A blueprint for action on the opioid crisis

From expanding naloxone access to supporting “take-back” programs, we have the power to stem the tide

Every 12.5 minutes, someone in the United States dies from an opioid-related overdose. If current trends continue, we could lose well over half a million people to opioid addiction over the next 10 years.

Many of us know someone who has suffered from opioid addiction or lost someone to an opioid overdose. It’s an issue that can affect anyone.

For instance, many Americans have unused or expired prescription medications in their medicine cabinets but haven’t received guidance about how to safely dispose of them. Each year, massive amounts of unused opioids in homes throughout the U.S. are diverted for nonmedical use. Along with our partners, we support stronger guidance on how to safely dispose of unused prescription drugs, including community-based take-back initiatives that are responsive to local needs.

This was one key recommendation in a report that our Clinton Health Matters Initiative released last October in partnership with Johns Hopkins University’s Bloomberg School of Public Health. The report provided comprehensive recommendations for national action on the opioid epidemic, including:

  • Partnering with product developers to design easier to use and less costly naloxone — a medication that can reverse an opioid overdose — formulations,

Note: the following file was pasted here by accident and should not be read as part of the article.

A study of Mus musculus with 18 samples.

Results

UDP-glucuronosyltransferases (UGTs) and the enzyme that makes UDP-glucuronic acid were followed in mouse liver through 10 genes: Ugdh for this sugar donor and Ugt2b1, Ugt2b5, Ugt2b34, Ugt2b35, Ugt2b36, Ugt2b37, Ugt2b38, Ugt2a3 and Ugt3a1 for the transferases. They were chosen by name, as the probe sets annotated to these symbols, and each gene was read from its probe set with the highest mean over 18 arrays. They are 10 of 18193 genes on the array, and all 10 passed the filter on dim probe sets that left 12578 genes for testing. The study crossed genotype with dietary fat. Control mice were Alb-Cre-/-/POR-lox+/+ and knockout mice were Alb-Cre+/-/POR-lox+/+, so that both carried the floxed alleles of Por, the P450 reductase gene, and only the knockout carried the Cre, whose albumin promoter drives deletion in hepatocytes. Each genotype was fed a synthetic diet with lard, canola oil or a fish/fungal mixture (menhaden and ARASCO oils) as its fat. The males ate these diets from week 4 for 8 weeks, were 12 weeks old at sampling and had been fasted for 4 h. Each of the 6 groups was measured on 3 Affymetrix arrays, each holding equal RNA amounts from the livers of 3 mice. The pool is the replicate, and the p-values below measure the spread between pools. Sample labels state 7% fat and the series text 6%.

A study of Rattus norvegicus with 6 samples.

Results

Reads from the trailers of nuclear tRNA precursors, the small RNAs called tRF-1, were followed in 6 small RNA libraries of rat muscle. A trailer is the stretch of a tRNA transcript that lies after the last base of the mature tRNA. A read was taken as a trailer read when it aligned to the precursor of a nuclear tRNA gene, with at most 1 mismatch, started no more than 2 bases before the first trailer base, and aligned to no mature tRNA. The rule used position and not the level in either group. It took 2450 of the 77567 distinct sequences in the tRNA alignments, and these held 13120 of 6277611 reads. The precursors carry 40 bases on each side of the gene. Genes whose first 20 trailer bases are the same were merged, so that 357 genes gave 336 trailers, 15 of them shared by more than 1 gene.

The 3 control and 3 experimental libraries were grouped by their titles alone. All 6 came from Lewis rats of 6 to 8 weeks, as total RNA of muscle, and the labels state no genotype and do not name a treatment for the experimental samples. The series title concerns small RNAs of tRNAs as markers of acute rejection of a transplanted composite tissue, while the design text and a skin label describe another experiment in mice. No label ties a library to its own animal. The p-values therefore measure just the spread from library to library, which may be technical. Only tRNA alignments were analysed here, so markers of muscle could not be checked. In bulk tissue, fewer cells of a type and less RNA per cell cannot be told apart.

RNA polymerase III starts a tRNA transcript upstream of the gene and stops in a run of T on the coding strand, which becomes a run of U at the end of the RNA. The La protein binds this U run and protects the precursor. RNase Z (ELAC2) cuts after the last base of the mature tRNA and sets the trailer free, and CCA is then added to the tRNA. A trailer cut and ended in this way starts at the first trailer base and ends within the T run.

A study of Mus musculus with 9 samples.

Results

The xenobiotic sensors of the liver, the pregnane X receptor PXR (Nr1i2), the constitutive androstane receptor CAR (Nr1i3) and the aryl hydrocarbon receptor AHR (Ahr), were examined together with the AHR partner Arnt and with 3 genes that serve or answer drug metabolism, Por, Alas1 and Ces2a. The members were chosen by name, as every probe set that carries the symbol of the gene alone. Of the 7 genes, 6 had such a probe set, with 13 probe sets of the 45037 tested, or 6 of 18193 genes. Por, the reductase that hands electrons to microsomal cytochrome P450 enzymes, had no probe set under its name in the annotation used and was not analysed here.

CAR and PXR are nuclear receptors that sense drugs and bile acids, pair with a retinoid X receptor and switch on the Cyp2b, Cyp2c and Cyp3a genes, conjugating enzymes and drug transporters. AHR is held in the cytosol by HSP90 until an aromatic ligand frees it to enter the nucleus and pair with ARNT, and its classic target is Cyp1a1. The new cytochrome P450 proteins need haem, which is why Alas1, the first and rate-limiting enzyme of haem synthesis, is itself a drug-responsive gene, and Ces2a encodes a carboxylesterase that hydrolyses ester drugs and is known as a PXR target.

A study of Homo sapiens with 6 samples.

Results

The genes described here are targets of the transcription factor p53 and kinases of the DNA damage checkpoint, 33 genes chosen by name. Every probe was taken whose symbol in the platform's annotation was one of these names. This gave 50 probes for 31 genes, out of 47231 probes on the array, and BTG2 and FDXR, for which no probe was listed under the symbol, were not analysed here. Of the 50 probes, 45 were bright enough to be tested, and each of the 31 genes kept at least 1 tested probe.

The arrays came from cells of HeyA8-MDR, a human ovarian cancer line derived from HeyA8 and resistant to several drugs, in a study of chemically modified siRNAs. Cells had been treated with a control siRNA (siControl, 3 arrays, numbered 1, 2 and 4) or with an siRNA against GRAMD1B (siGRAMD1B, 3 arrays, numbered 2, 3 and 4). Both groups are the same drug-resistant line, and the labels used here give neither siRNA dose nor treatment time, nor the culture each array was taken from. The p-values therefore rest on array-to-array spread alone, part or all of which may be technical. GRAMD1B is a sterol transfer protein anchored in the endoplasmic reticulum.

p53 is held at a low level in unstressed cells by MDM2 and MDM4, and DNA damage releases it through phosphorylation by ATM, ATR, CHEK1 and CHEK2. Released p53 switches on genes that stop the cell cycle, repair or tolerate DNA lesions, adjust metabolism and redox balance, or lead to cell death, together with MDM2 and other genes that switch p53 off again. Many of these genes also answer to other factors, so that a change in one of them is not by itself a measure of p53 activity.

• Avoiding stigmatizing language and promoting language that can increase support for effective treatment of this condition, and
  • Providing clear and consistent guidance on opioid disposal and expand “take-back” programs.

To further combat this crisis, we’ve also worked with Harvard Medical School to expand training for health professionals and community first responders on how to reduce stigma and encourage people to get treatment. We are also proud to partner with Adapt Pharmaceuticals to make the opioid overdose reversal drug naloxone available to every high school, college, and university in the United States that registers.

We all share a unique responsibility to act with meaning and work together to fight opioid abuse. We have the power to stem the tide and help impact families and strengthen communities across the country. It won’t be easy and we can’t do it alone, but with the power of progressive partnerships, we’re ready to end this public health crisis for good.